Sci/Tech

Neptune's moon is getting warmer

Triton is getting warmer

Observations made by the Hubble Space Telescope and ground-based instruments reveal that Neptune's largest moon, Triton, has warmed significantly since the Voyager spacecraft visited it in 1989. Our science editor Dr David Whitehouse reports.

"Since 1989, at least, Triton has been undergoing a period of global warming - percentage-wise, it's a very large increase," said Dr James Elliot of the Massachusetts Institute of Technology.

The observations are published in the journal Nature.

The warming is causing part of Triton's frozen nitrogen surface to turn into gas, thus making its thin atmosphere denser.

The 5% increase means that Triton's temperature has risen from -236°C to -234°C.

It might not be much but if Earth experienced a similar change in global temperature over a comparable period it could lead to significant climatic changes.

Triton, however, is a simpler world than Earth, with a much thinner atmosphere, no oceans, and a surface of frozen nitrogen.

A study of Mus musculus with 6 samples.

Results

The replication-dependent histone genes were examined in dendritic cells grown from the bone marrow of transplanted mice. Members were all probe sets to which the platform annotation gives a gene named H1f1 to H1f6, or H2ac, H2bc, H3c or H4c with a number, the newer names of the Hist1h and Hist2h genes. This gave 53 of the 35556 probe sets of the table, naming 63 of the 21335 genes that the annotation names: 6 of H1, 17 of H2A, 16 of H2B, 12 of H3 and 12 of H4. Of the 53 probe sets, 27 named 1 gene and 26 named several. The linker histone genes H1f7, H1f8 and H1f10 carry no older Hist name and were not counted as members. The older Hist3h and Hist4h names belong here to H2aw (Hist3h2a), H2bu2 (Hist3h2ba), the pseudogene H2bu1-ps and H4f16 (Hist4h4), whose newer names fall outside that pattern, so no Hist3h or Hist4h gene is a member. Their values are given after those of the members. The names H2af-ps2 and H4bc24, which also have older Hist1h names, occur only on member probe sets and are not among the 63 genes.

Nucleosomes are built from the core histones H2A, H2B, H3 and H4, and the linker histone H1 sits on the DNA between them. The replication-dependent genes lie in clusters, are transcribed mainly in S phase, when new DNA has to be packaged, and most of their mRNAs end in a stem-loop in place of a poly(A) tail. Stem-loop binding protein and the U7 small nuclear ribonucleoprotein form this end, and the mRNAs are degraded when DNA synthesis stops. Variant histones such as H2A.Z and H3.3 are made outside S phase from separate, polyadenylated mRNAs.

"With Triton, we can more easily study environmental changes because of its simple, thin atmosphere," Mr Elliot said. By studying these changes on Triton, the scientists hope to gain new insight into Earth's more complicated atmosphere.

Triton's warming may be caused by seasonal changes in its polar ice caps. It is currently approaching southern summer, a season that occurs every few hundred years.

During this time, the moon's southern hemisphere receives more direct sunlight, which heats its polar ice caps.